How do you monitor every single person and object along a 26.2-mile course?
 
As security officials see it, marathons are 52 miles of open road — 26 on each side. And they simply cannot all be protected.
As security officials see it, marathons are 52 miles of open road — 26 on each side. And they simply cannot all be protected. AP Photo/Stew Milne

In the wake of the deadly bombings that devastated Boston and terrified America on Monday, this may be a tough reality to swallow. But it's true nonetheless: Implementing airtight security on a 26.2-mile marathon course is nearly impossible.

Unlike stadium sporting events, which are by their very nature contained, access control poses an enormous security challenge at marathons. The Boston Marathon winds through 26.2 miles of suburbs as well as densely populated blocks downtown, and no gate with security personnel and metal detectors runs the length of the roadway. A half million people come and go as they please, lining the streets and filling large grandstands at the finish line.

This come-and-go atmosphere presents another problem unique to marathons — contact between athletes and spectators. Fans along the route hand out orange slices to runners and kids offer enthusiastic high-fives. Free-flowing access is part of the marathon culture.

"I've lost sleep over the fact that you have 52 miles of open roadway, 26 on each side," Guy Morse, who served as Boston Marathon race director from 1985-2000 and BAA executive director from 2000-2010, tells Boston.com. "That's the way I looked at it. You look at both sides of the road, as well as the course itself. It is impossible to secure it to the extent necessary. So, it has significant ramifications for major events."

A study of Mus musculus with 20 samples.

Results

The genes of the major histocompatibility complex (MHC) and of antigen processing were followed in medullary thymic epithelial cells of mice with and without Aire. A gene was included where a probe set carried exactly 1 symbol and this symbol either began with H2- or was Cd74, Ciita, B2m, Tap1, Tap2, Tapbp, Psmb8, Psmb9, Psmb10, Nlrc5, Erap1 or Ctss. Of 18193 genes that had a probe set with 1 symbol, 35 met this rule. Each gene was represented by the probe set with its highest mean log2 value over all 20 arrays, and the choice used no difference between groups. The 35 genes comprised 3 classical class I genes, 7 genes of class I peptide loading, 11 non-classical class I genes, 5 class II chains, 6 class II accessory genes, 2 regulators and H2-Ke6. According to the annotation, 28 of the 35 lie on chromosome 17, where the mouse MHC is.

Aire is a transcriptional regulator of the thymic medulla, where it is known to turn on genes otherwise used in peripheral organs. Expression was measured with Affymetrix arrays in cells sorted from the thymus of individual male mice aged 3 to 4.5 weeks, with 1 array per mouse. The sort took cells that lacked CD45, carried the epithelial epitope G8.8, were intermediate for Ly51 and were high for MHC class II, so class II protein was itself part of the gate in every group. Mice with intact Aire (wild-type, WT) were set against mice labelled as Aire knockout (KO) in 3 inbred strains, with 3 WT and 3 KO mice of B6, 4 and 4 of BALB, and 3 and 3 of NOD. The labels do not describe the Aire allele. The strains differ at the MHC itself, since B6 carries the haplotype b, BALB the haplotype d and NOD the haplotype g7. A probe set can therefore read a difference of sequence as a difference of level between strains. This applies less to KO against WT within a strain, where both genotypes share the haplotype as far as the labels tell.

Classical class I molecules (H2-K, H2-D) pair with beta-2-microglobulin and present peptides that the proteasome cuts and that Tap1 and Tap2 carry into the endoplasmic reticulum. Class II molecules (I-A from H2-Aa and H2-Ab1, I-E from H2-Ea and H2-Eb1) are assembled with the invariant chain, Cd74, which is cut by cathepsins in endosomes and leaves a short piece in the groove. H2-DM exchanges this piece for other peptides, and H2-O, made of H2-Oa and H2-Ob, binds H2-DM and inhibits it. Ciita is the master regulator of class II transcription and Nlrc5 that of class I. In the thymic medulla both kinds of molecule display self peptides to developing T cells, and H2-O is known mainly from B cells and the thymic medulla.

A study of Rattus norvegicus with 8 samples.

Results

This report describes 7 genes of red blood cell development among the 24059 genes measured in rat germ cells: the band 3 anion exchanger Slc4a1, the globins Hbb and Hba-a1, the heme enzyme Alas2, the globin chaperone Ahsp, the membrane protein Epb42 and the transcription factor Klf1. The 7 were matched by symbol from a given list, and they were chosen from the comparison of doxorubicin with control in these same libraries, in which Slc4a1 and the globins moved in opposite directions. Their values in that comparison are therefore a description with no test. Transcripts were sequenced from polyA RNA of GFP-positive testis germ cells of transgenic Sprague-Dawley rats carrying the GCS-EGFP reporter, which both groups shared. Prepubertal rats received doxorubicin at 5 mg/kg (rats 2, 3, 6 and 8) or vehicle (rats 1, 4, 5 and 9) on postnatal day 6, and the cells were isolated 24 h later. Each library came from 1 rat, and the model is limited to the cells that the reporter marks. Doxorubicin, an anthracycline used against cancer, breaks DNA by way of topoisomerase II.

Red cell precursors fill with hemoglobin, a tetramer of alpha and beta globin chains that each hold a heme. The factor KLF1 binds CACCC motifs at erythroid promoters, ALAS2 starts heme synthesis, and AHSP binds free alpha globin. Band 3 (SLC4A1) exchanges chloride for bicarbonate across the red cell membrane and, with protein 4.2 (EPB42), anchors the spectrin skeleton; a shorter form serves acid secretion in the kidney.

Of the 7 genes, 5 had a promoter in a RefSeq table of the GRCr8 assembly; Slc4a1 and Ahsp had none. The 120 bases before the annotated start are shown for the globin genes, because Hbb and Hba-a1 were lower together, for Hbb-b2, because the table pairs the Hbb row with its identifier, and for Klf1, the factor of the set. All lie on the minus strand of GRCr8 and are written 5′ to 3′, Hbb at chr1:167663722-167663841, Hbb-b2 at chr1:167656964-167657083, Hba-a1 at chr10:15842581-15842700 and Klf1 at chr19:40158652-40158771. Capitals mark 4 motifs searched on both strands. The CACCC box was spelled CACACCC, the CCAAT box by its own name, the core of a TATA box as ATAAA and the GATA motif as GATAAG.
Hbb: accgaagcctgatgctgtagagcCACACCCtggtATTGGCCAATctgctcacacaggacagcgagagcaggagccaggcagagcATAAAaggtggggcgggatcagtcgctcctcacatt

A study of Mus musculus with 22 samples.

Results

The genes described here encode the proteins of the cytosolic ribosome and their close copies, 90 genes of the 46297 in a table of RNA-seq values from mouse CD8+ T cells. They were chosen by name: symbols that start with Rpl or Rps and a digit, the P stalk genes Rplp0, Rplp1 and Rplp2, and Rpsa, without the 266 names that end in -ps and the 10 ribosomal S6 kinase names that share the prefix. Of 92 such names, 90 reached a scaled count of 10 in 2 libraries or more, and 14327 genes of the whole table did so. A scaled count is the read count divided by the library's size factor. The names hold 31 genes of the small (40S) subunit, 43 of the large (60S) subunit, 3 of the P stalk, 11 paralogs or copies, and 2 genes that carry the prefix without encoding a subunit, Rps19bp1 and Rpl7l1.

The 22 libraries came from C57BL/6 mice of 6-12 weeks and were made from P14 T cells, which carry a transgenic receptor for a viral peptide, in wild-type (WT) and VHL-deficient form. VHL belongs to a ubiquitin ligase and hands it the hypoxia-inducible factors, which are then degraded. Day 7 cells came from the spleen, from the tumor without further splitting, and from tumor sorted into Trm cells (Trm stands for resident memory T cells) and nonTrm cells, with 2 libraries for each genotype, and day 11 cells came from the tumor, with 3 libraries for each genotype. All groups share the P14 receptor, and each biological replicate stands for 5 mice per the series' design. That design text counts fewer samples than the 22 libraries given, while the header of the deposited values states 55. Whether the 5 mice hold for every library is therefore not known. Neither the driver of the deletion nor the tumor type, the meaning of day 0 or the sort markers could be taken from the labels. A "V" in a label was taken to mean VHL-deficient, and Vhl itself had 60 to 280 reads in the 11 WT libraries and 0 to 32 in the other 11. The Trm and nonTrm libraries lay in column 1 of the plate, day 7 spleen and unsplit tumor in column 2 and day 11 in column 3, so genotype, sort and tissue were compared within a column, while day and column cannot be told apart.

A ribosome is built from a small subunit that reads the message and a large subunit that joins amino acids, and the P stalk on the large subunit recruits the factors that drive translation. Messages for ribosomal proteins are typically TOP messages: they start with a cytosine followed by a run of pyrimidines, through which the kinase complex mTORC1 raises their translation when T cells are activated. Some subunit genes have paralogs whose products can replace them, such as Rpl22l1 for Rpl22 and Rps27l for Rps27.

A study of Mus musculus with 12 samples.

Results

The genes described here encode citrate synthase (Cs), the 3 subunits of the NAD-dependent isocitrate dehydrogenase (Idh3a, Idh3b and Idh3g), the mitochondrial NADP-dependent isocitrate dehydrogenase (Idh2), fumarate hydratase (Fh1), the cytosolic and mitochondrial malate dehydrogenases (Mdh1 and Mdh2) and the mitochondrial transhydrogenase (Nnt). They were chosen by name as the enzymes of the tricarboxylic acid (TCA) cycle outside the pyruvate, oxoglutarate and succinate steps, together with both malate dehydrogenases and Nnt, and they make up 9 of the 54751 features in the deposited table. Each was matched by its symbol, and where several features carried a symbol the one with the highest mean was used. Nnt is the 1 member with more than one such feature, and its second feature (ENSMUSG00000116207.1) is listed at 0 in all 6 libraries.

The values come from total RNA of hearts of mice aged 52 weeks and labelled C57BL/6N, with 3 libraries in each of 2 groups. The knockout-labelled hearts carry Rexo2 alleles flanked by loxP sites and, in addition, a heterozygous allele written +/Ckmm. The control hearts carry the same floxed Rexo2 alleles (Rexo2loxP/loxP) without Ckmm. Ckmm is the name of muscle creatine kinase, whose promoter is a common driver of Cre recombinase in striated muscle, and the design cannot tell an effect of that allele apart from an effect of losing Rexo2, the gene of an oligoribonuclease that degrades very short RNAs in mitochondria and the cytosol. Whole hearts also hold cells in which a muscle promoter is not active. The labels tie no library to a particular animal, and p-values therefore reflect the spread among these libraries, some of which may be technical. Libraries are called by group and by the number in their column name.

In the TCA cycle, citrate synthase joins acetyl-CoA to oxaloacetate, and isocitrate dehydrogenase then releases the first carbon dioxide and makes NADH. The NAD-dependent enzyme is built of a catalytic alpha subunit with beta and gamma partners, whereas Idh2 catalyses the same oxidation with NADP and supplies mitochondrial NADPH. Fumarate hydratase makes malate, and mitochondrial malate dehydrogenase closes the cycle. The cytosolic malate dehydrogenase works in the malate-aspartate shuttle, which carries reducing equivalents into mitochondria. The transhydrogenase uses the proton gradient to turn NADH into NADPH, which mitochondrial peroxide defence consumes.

Still, by all accounts, security in Boston on Monday was tight: Fire, emergency management, law enforcement, and race organizers met multiple times before the race to hammer out plans, form incident-response teams, and drill for emergencies. Police, safety officials, and bomb-sniffing dogs all inspected the roadway before the race.

And yet, the bomber (or bombers) succeeded.

London, which will host 37,000 marathoners this Sunday, is already on alert for copycats, reviewing security plans and keeping in close contact with runners, emailing them updates as the race approaches. This morning, Hugh Robertson, the British government's sports minister, sounded confident on BBC radio, saying he's "absolutely confident we can keep the London Marathon safe and secure." Let's hope so.

 
Carmel Lobello is the business editor at TheWeek.com. Previously, she was an editor at DeathandTaxesMag.com.